Summer is an excellent time to bust out the varmint loads and put a hurting on small game. With that in mind, Web Managing Editor Shawn Skipper and some of the folks from Winchester ventured to northern Wyoming with the intention of putting the company's .17 Win. Super Mag. to work on the local prairie dog population. Get an inside look at the hunt with this gallery.
Our trip west took us to Wyoming, a state with plenty of prairies and even more prairie dogs. The vast fields in and around Sheridan, Wyo., presented our party with no shortage of targets throughout the duration of our stay.
Though an array of other varmint were certainly on the table should we see them, our primary target on this trip was the prairie dog. Fortunately, it's a relatively common—albeit small—resident of the aforementioned Wyoming landscape.
Being that this was a Winchester trip, we had no shortage of ammunition on hand. The company sent its relatively new .17 WSM load along for testing, as well as three options from its already popular Varmint X line.
That ammunition, though, wouldn't have been much use without a reliable rifle or 12. Browning, Volquartsen and Winchester Repeating Arms ensured we'd be ready to square off with even the nastiest of varmints on this particular trip.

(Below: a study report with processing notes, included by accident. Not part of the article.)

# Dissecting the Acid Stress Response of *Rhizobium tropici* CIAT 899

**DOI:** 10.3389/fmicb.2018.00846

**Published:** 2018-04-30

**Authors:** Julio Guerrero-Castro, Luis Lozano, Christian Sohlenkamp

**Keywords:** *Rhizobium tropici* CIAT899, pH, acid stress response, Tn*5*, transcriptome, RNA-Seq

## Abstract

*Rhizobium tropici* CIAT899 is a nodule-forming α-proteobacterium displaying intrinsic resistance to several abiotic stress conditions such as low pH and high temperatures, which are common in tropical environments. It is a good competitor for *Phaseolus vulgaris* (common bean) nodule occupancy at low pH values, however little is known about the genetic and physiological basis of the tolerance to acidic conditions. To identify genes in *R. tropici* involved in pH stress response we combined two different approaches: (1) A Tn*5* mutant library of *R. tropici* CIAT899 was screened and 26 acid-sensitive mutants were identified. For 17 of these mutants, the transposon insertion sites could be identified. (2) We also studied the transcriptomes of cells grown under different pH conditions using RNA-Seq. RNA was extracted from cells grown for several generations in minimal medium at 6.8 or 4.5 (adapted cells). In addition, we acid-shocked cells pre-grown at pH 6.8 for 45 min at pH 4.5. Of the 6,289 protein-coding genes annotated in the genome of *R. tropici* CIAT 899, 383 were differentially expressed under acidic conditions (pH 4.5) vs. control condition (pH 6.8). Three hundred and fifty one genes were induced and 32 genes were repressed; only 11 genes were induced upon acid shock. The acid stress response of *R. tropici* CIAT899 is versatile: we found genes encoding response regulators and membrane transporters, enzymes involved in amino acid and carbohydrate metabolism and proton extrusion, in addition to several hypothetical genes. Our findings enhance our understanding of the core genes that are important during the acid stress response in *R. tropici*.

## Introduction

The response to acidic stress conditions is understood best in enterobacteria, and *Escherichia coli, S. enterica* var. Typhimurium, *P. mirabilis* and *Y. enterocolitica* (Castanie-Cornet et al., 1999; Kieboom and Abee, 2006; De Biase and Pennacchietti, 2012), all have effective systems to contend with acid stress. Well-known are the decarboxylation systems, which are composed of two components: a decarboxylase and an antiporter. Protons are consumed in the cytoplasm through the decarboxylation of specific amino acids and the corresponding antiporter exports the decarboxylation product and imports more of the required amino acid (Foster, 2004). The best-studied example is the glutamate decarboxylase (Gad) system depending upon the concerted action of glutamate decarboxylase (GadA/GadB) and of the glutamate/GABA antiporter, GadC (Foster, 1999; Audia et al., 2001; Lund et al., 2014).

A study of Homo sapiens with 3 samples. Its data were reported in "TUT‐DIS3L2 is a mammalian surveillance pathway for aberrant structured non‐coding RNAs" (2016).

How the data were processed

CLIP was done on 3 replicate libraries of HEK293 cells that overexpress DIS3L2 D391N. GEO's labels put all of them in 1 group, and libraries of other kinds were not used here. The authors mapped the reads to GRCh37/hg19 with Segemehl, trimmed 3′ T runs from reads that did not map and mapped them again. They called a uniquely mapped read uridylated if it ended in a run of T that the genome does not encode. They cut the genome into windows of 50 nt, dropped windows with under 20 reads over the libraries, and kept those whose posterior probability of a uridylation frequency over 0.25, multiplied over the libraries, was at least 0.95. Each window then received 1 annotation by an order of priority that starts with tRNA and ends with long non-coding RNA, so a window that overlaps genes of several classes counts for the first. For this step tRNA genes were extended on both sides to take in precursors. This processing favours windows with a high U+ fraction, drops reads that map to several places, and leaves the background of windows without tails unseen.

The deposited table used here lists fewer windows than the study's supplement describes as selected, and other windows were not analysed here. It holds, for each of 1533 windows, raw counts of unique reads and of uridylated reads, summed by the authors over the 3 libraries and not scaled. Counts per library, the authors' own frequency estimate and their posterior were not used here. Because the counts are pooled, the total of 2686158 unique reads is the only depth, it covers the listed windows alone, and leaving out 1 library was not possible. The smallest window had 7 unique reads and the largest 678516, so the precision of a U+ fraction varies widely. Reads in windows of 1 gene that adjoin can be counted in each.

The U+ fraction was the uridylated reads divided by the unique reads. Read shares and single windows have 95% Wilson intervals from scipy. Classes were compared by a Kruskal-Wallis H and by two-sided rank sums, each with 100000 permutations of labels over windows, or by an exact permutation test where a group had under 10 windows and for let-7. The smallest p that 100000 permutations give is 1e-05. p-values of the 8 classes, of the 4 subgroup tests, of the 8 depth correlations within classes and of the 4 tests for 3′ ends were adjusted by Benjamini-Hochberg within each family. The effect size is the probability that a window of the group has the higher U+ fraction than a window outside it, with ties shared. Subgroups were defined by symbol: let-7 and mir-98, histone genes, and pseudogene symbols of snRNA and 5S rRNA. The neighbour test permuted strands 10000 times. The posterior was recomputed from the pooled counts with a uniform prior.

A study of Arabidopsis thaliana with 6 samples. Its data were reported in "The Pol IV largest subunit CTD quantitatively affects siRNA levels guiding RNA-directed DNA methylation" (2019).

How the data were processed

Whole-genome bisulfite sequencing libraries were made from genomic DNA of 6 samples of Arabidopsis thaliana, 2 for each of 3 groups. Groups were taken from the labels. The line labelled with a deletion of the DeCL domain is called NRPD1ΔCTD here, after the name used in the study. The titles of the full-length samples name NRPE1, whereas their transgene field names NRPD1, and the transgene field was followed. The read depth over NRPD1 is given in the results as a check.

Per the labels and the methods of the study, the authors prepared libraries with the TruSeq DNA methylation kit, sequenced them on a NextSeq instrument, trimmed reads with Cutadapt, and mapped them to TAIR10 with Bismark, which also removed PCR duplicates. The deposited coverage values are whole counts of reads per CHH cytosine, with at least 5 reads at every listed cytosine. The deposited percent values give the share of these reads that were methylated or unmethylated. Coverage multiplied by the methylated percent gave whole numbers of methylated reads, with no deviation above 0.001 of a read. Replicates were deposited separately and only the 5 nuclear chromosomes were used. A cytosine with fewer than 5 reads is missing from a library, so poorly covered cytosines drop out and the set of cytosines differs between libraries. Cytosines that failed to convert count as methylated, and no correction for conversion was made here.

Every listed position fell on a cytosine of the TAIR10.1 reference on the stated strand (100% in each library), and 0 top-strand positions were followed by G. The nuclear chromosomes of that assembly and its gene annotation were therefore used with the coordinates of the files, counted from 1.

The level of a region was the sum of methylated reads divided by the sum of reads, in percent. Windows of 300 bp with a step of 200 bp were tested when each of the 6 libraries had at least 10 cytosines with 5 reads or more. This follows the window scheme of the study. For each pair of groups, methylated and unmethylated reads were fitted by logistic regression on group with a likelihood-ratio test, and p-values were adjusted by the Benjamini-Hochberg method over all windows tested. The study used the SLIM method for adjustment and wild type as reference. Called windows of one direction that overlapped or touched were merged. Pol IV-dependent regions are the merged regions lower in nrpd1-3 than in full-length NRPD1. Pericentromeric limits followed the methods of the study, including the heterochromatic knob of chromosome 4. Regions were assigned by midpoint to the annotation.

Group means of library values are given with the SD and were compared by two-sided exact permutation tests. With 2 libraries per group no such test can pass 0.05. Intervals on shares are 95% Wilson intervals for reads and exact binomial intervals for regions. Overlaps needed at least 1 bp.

Our host was Brian Beisher and the staff of Big Buck Outfitters, Inc. Brian and his guides were gracious, accommodating and everything a hunter could ask for, and the lodge—seen here, decorated in the outfitter's namesake—was the height of comfort.
We went after our prey from a number of angles, but the most popular approach remained breaking out the shooting sticks and seeing who could lob a shot out the farthest. Here Aaron Lisech takes aim at prairie dogs a few hundred yards away.
The most popular firearm on hand, beyond a shadow of a doubt, wasVolquartsen Custom's 17 WSM. Chambered in Winchester's new .17 Win. Super Mag., the semi-automatic tack-driver made life rather difficult for any varmints in its path, like the one pictured here.
As I noted, prairie dogs weren't necessarily the only varmints on the table. The only other ones we'd get a shot at, though, were a couple of yellow-bellied marmots—known locally as rock chucks, thanks to their propensity for climbing, well ... rocks. We tagged three rock chucks during our stay, including the two seen here.
More than a few prairie dogs met their end at the hands of assorted Varmint Xloads. .223 Rem. and .22-250 remained the most popular calibers anytime we needed to reach out farther than the .17 WSM allowed.